The idea of requiring mark-to-market was introduced in the straddle hearings of 1981. John Chapoton of Treasury said that the balanced (offsetting) position rule could not apply for taxpayers with a significant volume of commodities transactions because it required ‘‘the identification of particular positions [and would be] cumbersome to apply.’’ Treasury proposed instead that these persons be subject to a mandatory mark-to-market rule for their positions in futures contracts traded on an
organized futures exchange. Because futures positions are marked to market daily under the normal operating rules of the exchange with actual cash settlements, this rule would make the tax laws reflective of the underlying market transactions. Treasury proposed to tax the
mark-to-market gains and losses as ordinary.
Taxpayers targeted by the new rule were predictably offended. Donald Schapiro, representing the New York State Bar Association (NYSBA) Tax Section, knew Congress would have to offer some enticement to lure taxpayers into the new regime. He and the NYSBA advocated long-term capital character for the mark. The argument was that because gains and losses were a zero-sum in the futures markets, Treasury should be indifferent to character. It was expected that taxpayers, in contrast, would consider capital character so attractive that they would cooperate with mark-to-market.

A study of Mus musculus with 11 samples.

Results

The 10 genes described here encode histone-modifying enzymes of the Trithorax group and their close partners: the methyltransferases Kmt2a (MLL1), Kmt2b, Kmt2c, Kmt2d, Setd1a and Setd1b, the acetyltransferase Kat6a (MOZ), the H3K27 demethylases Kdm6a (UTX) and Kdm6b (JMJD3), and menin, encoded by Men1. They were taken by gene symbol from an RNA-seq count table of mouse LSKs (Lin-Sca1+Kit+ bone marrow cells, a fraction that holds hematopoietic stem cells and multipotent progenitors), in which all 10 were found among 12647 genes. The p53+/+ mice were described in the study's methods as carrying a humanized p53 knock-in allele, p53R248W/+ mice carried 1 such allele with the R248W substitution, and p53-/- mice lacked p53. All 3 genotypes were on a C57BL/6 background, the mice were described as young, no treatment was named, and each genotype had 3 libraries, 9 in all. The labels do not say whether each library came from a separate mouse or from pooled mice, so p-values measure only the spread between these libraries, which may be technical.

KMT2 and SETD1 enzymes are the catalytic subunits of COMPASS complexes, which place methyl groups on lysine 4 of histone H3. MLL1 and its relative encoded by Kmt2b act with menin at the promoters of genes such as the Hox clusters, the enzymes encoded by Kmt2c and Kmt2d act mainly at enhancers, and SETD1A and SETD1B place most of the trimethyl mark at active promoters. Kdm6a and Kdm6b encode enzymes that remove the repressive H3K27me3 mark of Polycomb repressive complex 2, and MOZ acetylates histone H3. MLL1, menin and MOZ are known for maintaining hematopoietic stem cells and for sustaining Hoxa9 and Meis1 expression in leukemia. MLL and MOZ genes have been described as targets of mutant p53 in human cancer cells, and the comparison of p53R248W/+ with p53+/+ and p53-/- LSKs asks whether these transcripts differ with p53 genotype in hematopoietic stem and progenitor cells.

A certain Michael L. Maduff of Chicago protested vociferously against mark-to-market in testimony before the Senate Finance Committee, calling it a ‘‘very bad scheme’’ and a ‘‘radical departure from our system of
taxation.’’ However, he confessed, ‘‘If… Congress were to pass a bill which incorporated [mark-to-market] at a very favorable tax rate, I would be delighted to conduct my business under such a bill, under such a law.’’
And so it transpired that mark-to-market came into being, with the enticement of a 60 percent long-term and 40 percent short-term capital gains and loss rates, in section 1256. In an era when there was a possible 42 percent rate differential between ordinary income and long-term capital gains, that was sweet indeed.
Congress knew mark-to-market was a radical departure from the U.S. tax system. To survive, the new law would have to be framed in a way to avoid challenges under the Constitution. Eisner v. Macomber was heavily
diluted by 1981 but had never been overruled. The realization principle was still part of tax jurisprudence, and mark-to-market had to be dressed up to fall within the ambit of that principle.